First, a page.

Boston suburbs post “do not enter” and “no right turn” signs effective during morning rush hour to protect residents from having to watch nonresidents drive past. Here’s a little secret about those “gated community” ordinances: police rarely enforce them. Signs are cheap. Police officers are not and they have better things to do.
I wrote about one privileged community in Newton, Massachusetts a few years ago. Nearby Belmont has a lot of them. And now, one more. Last year, people driving into the center of town on Prospect Street in the morning discovered that a right turn onto Ernest Road was a time-saver. The usual complaints followed.
“We counted dozens of cars cutting through between 8:00–8:30,” one resident wrote. That means it’s a low volume road, with less than 100 cars during peak hour, a tenth of what the roads on either end carry. To town officials it was a problem anyway.
They posted a right turn prohibition to discourage commuters, and a stop sign at a sharp bend in the road to slow them down. There has never been a crash at that turn that would justify considering a stop sign. The town engineer said a stop sign was justified because people weren’t stopping and it was obvious they should stop. That is circular reasoning, not a warrant analysis. Under state rules, it’s an illegal traffic-calming stop sign. (All traffic-calming stop signs are illegal in Massachusetts, even if traffic count and crash warrants are met.)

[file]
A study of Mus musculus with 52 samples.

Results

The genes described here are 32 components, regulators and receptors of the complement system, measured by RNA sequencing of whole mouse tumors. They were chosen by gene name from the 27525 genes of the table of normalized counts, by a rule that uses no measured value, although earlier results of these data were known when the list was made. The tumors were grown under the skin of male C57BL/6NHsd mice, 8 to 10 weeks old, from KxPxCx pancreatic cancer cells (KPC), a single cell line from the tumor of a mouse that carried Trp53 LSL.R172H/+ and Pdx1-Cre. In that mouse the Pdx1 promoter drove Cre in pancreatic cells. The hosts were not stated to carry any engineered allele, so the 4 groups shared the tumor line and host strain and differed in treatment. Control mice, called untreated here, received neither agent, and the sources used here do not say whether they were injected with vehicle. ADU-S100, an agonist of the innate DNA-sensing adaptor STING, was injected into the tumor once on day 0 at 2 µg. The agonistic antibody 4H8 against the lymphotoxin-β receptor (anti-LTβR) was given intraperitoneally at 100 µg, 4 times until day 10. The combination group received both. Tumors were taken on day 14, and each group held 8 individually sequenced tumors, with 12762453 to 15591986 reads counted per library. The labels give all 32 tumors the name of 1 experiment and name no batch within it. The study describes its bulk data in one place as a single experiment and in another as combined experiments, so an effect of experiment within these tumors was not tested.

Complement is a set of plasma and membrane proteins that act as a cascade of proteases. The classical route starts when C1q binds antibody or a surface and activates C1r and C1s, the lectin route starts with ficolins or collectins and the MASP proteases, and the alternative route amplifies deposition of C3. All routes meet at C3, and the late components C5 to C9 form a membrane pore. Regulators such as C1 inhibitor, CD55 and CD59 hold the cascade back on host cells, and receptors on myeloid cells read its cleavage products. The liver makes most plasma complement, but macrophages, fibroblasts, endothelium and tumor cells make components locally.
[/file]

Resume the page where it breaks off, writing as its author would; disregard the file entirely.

But it’s not likely you’ll be pleading your case to the traffic court magistrate in Cambridge. The real obstacle to taking that turn is potholes.
Commuting time coincides with children going to school. There is one police officer in that part of town during morning commute. He has to keep track of about ten “keep off our road” signs, school zones, and the main commuter roads. He has to respond to calls. The chief may send that officer to the road with the loudest complaints, but he can’t summon nine more officers to watch the other nine signs.
In ten years, commuting be be a whole different story. More towns are posting surveillance cameras. It’s getting harder to buy a car that doesn’t have the ability to phone home and report everywhere you drive.
Some day town officials will go through those records and send you 200 tickets, one for every time you drove on one of those not-really-public roads in the past year. In some states, cities will fine you for driving too often without a city sticker.
On second thought, town officials won’t do it themselves. A data mining company will offer a service to the town same as ticket cameras do now. The company writes the tickets, the company adjudicates guilt, and the town keeps a share of the profit.
And finally every road will be a private road and nobody will drive past anybody else’s house.